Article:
When Ken Crosson of Auckland-based Crosson Architects first met with retired builder Bob de Leeuw and his wife Chris to discuss the design of their new holiday home in Kuaotunu, the architect immediately fell in love with the couple’s attitude to life.
“They are humble but courageous,” says Crosson of his clients’ personalities, which drove the design of their new retreat. The understated home doesn’t overshadow its beachfront location, yet it possesses distinctive qualities unique to the region.
Guided by a site-specific design approach, the architects explored Kuaotunu’s gold mining history and the many abandoned mines nearby. To pay homage to the area’s gold rush in the late 19th century, Crosson took the shape of a mine shaft, inverted it, and placed the pyramidal form atop the home to create a sculptural roofline topped with skylights.
“The shafts are inverted, mining the sunshine and starlight, extending into the sky as opposed to the earth,” note the architects. “Within the strategically placed shafts, drama is created and time is registered as the sun moves around the house.”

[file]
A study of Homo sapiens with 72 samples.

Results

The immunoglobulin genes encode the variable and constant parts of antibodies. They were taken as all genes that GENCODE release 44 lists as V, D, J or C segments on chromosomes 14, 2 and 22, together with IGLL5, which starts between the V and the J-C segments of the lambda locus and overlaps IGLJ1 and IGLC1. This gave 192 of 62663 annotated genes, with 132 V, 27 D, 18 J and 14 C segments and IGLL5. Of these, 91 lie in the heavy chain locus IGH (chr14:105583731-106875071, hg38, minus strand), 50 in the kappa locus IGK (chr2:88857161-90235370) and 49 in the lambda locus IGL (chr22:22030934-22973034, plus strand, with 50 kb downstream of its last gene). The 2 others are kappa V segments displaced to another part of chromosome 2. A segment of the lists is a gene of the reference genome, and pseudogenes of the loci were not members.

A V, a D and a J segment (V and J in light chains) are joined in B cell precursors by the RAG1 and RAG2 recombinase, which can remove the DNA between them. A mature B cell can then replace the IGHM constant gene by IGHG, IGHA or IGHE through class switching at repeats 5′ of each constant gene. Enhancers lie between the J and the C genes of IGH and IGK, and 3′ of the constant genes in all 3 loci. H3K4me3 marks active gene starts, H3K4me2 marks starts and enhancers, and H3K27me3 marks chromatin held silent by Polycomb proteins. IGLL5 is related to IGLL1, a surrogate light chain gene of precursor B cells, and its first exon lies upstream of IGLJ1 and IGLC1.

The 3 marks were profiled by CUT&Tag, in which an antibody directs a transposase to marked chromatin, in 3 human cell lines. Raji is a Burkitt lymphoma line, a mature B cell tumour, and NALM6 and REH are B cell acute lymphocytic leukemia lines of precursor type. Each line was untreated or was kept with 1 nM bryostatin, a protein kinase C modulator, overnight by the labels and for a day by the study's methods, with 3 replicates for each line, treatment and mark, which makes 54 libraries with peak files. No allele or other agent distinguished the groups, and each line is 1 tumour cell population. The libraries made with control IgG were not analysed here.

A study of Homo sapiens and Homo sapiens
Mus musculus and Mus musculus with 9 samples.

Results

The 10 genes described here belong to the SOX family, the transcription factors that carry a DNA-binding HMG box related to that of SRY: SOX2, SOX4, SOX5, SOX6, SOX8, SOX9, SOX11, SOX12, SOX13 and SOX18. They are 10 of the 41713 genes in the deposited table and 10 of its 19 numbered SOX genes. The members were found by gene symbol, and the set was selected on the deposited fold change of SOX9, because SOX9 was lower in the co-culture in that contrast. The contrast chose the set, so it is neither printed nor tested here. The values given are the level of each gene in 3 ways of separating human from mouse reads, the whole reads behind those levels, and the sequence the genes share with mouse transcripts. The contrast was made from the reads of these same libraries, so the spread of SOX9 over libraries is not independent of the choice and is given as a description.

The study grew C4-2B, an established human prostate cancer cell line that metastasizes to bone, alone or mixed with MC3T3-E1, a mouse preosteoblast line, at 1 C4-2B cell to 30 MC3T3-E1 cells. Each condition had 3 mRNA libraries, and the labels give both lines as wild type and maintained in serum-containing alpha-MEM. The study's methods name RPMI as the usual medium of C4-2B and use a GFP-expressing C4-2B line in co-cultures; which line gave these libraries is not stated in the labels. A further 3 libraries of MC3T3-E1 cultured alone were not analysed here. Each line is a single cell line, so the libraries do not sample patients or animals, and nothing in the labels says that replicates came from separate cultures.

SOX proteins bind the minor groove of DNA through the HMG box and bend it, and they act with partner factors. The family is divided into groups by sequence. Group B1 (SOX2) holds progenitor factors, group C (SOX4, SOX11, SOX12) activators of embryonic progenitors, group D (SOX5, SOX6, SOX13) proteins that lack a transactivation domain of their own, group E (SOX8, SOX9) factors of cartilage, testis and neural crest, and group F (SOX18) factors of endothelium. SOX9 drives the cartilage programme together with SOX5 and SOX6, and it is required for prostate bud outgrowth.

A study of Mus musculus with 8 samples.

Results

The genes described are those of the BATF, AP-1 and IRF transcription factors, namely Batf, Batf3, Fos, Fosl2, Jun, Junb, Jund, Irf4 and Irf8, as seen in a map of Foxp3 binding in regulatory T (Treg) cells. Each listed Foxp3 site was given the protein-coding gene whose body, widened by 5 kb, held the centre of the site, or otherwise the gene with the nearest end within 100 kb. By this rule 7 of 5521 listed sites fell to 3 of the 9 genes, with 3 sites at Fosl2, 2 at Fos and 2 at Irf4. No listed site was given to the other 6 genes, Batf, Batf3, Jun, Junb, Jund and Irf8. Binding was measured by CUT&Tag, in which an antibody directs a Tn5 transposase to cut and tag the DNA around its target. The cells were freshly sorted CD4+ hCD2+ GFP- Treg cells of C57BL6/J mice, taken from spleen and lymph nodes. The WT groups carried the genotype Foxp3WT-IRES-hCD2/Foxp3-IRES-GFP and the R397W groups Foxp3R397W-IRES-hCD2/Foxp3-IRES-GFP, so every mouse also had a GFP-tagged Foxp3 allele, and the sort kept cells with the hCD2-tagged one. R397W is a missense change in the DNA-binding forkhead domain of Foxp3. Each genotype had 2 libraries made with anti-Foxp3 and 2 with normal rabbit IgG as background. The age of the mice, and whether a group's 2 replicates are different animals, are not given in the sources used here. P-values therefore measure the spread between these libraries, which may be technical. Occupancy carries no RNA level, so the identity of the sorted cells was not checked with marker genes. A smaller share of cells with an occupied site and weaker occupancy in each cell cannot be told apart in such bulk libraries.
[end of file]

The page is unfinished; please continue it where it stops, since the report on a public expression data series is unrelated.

The Light Mine has a playful, bach-like quality with its simple timber exterior and single-story massing that comprises a series of “pods” set around a grassy courtyard shaded by a mature New Zealand Christmas tree.
“[The holiday home needed] to work for the extended family, or just a party of two,” explains Crosson. The spatial layout consists of a beachside pod that holds the living areas and master bedroom; a pod behind with a bunk room and bedroom for the clients’ kids and grandchildren; and a detached guest suite across the courtyard.
“There was to be a series of zones where one could be closeted away in retreat—or one could open up the buildings and utilize the outdoor space in between.”
In contrast to the silvery facade, the light-filled interiors are wrapped in whitewashed band-sawn cedar that lend a sense of warmth throughout. The eye-catching Light Mine won Home magazine’s Home of the Year 2020 award.